The independent experts of the US Food and Drug Administration (FDA) say that the Pfizer vaccine is good to go – which means rollout in roughly a week
Currently there are 15.7 million cases of COVID-19 in the US. The loss of some jobs support without a new stimulus bill in place by 31 December looms on the horizon. Christmas is approaching quickly and without mercy.
The Pfizer and BioNTech vaccine rollout is hotly expected, as the country’s case numbers continue to rise. Now that there is formal approval from their analytic wing, the FDA is expected to take a few days to go ahead and approve Emergency Use Authorisation.
Notes released from the 10 December meeting said: “It is reasonable to believe that the product may be effective to prevent, diagnose, or treat such serious or life-threatening disease or condition that can be caused by SARS-CoV-2.”
The stats behind Pfizer’s success
The clinical study done by BioNTech and Pfizer has 43,538 people, with a success rate of over 90%. Crucially, 42% of the participants were of diverse racial backgrounds, meaning that the vaccine will function to protect those who have been shown to be most vulnerable to contracting and dying from the virus.
On 20 November, this vaccine was sent to the FDA to begin the examination process that would lead to regulatory approval or rejection. Over the last three days, the independent expert team at the FDA have been dissecting the available data on Pfizer and BioNTech’s mRNA vaccine.
The disparity in timeframe between the UK and the rest of the world on Pfizer approval has been highlighted by the media, but both the US and UK are using their emergency approval mechanisms. The UK celebrated their first vaccination, a 90 year old former jewellery shop assistant, on Tuesday.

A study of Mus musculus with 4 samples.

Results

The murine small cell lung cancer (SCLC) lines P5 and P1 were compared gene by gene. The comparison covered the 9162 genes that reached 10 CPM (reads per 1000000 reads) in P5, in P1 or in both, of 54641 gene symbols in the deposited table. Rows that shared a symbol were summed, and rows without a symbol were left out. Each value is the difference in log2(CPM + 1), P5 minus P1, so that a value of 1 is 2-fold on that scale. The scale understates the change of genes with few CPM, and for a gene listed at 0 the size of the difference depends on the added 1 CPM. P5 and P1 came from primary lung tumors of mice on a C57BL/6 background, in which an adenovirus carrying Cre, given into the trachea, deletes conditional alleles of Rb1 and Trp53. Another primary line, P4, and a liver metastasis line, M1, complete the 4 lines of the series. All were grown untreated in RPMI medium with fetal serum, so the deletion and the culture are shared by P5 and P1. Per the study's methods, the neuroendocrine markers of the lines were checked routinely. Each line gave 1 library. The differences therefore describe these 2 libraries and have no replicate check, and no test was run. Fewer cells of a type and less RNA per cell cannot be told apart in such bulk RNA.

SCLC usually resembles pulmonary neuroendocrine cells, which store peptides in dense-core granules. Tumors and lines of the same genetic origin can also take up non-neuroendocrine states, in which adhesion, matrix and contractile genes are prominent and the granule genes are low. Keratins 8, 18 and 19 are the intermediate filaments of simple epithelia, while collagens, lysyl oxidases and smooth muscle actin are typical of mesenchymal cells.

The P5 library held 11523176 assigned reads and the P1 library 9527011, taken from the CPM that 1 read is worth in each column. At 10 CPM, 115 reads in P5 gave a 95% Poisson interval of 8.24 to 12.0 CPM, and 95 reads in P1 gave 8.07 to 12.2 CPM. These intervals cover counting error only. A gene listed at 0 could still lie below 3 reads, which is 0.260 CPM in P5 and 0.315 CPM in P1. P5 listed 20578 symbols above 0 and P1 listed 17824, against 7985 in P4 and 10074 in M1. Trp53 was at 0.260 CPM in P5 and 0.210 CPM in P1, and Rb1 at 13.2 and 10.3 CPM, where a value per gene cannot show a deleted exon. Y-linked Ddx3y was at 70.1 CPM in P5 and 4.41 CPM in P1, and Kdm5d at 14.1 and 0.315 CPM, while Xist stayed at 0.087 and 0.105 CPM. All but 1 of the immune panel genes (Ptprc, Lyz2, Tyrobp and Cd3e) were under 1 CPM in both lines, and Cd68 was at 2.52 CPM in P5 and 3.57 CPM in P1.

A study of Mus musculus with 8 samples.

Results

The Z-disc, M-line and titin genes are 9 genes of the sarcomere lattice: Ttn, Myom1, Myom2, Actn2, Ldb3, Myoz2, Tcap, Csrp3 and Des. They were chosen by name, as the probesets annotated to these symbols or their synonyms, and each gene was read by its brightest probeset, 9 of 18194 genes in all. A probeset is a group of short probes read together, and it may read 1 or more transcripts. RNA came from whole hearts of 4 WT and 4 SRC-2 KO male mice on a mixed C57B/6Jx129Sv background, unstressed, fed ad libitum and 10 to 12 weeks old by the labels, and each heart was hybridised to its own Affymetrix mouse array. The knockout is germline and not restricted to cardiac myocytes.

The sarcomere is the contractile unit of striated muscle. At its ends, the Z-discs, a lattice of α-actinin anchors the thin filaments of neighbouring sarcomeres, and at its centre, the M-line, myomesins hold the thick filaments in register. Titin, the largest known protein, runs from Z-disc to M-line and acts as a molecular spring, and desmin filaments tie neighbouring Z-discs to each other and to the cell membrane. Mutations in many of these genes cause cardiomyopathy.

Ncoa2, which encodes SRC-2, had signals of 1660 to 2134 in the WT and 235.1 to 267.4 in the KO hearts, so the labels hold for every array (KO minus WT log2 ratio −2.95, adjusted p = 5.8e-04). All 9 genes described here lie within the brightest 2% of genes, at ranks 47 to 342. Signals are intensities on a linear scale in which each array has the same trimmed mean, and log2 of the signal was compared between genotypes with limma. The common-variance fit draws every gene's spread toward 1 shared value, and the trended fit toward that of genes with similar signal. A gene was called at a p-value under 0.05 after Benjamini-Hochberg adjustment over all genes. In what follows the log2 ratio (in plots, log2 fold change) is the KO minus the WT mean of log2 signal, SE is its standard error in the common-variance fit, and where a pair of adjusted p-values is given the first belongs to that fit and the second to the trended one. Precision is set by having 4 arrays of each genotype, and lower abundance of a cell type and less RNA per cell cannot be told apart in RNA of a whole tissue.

In contrast, the EU is using a more traditional route for medicine approval – which would lay any liability with the vaccine-makers, not the Government. In the UK, the Government will be theoretically held responsible if anything goes wrong.
Which Americans could get the Pfizer vaccine first?
The NYTimes estimates that around 17 million to 20 million healthcare workers live in the US, with 1 million in nursing homes. This is the priority demographic for first use of the vaccine, which Pfizer officials said would produce roughly enough to immunise 20 million Americans before January. Other countries are still waiting to see what their regulatory authorities will decide, but it is likely that they will follow the same blueprint – nursing homes and healthcare workers first. The further rollout of vaccinations is expected for after 2020 ends.
Who funded the Pfizer vaccine?
While Vice President Mike Pence claimed that this over 90% effective vaccine was a result of the current administrations’ efforts via Operation Warp Speed, Pfizer actually self-funded this vaccine. Warp Speed was intended to produce and deliver 300 million doses of vaccine to the US population, with the initial doses to be available by January 2021. There’s no current confirmation if this timeline will go ahead.
“We were never part of the Warp Speed,” Kathrin Jansen, a senior vice-president and the head of vaccine research and development at Pfizer, said in an interview. “We have never taken any money from the US government, or from anyone.”